Nodaway Valley Bank’s Look at the Last 150 Years
Although the actual date is not until December, Nodaway Valley Bank will be celebrating the 150th anniversary throughout 2018. On December 4, 1868, Maryville’s first bank, known as the George S. Baker & Co., Bankers, opened its doors for business on the site of the present bank on the southwest corner of Maryville’s town square at 3rd & Main Streets.
In 1873, James B. Prather, J. C. Waterman and Theodore L. Robinson acquired controlling interest in the bank and changed the name to Nodaway Valley Bank. Mr. Robinson was placed in charge of day to day operations, and a member of Robinson family has been at the helm since then, with Chairman of the Board James G. Robinson representing the fifth generation.
Theodore L. Robinson was an 11 year old orphan living with his grandparents when they moved to Buchanan County in 1844. Because his grandfather was unable to work their farm, young Robinson went to work at the Mansion House in St. Joseph where his industriousness caught the attention of one of the borders, pioneer merchant John Curd, who offered young Robinson a job in his dry goods store and the opportunity to attend school.
After his plans to cash in on the Gold Rush failed, Robinson reentered employment with Curd who sent him to Maryville in 1857 to set up and manage a general store. Robinson eventually bought the store and opened a lumber yard. He sold both business in order to buy an interest in the bank.
During the for the first 26 years of its existence, Nodaway Valley Bank operated as a private bank until applying for a state banking charter in 1894, now the fifth oldest bank charter in the State of Missouri. The bank joined the newly formed Federal Deposit Insurance Corporation in 1934.
Although it was a relatively small bank for many years, Nodaway Valley Bank was progressively managed, being one of the first bank in the area to employ an agricultural advisor. The bank is one of the largest agricultural lenders in the region with eight experienced agricultural lenders, several of whom farm as well.
Nodaway Valley Bank has weathered several economic downturns over the course of 150 years. According to Chairman Emeritus Theodore G. Robinson, the bank experienced growth during more recent agricultural downturns. Instead of acquiring troubled competing banks, Nodaway Valley Bank picked up dislocated customers from those banks which were unable to continue lending.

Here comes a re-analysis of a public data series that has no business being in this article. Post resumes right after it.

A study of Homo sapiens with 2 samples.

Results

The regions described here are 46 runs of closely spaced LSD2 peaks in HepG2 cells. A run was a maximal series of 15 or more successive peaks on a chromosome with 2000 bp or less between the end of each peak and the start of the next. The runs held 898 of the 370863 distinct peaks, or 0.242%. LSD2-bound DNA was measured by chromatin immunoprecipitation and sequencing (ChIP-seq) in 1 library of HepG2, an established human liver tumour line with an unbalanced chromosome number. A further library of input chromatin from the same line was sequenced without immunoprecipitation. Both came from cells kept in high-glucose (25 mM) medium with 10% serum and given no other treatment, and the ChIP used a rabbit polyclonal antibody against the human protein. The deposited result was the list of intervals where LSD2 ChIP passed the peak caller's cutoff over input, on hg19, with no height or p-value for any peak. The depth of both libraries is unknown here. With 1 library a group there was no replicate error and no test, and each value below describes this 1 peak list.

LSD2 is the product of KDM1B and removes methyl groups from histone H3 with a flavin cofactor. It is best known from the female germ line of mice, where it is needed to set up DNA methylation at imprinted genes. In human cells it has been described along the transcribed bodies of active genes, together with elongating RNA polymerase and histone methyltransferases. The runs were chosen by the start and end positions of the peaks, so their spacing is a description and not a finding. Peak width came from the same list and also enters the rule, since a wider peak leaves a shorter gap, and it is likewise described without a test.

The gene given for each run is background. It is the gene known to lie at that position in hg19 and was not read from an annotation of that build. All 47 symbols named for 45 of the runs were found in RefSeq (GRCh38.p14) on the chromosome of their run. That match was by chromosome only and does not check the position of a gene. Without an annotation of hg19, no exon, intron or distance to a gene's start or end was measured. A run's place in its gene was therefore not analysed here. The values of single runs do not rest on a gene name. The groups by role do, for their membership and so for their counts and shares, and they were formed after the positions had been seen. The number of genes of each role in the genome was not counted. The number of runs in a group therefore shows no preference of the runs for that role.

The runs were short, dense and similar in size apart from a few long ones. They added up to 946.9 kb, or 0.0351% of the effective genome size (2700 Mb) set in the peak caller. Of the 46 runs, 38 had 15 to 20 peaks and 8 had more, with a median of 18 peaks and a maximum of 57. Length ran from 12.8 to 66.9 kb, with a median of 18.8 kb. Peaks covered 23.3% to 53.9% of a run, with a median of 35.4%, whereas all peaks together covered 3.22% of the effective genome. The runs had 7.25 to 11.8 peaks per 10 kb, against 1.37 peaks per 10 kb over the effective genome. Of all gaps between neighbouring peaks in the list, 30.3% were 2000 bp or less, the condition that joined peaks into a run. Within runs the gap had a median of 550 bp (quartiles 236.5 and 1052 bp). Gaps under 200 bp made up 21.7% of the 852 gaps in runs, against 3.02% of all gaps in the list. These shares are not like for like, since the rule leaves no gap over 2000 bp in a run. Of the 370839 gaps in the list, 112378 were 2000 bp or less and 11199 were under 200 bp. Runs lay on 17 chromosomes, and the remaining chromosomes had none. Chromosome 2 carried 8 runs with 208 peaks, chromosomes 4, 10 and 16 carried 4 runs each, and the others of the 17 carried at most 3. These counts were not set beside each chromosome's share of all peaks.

“Nodaway Valley Bank has always focused on customer relationships,” Robinson said, “and in some cases, we would have never otherwise had the opportunity to acquire that business. It has allowed us to grow with our customers.”
As a unit bank, state banking regulations prohibited Nodaway Valley Bank from expanding beyond Nodaway County until 1990, when the bank opened a branch in Savannah, followed expansion into the St. Joseph market in 1995, when the bank built a new 9,300 square foot building at the North Belt and Cook Road.
In addition to providing an opportunity to diversify its loan portfolio, the bank’s resources increased 63%, growing from $215 million to $350 million in five years.
In response to customers having to take more financial responsibility for their retirement, Nodaway Valley Investment Services was formed in 2002 to provide comprehensive financial planning and brokerage services. In 2003, the bank completed construction of a new facility at Riverside Road & Mitchell Avenue and acquired the Heritage Bank of St. Joseph, creating the largest privately owned and managed bank in northwest Missouri with assets in excess of $541 million.
In 2006, the bank completed construction of two new facilities in Savannah and at Belt and Faraon in St. Joseph. In 2007, the Exchange Bank of Mound City was acquired, providing nine full service locations in four communities. The bank’s resources topped $853 million at the end of 2017.
As part of its 150th anniversary, the bank introduced a new logo, and a revised website formatted for mobile banking and a media campaign.
“We’re going to have some fun with some of the things that have happened over 150 years,” commented Chairman Robinson, “such as how many suckers we’ve given away and some strange loan requests that might have popped up.”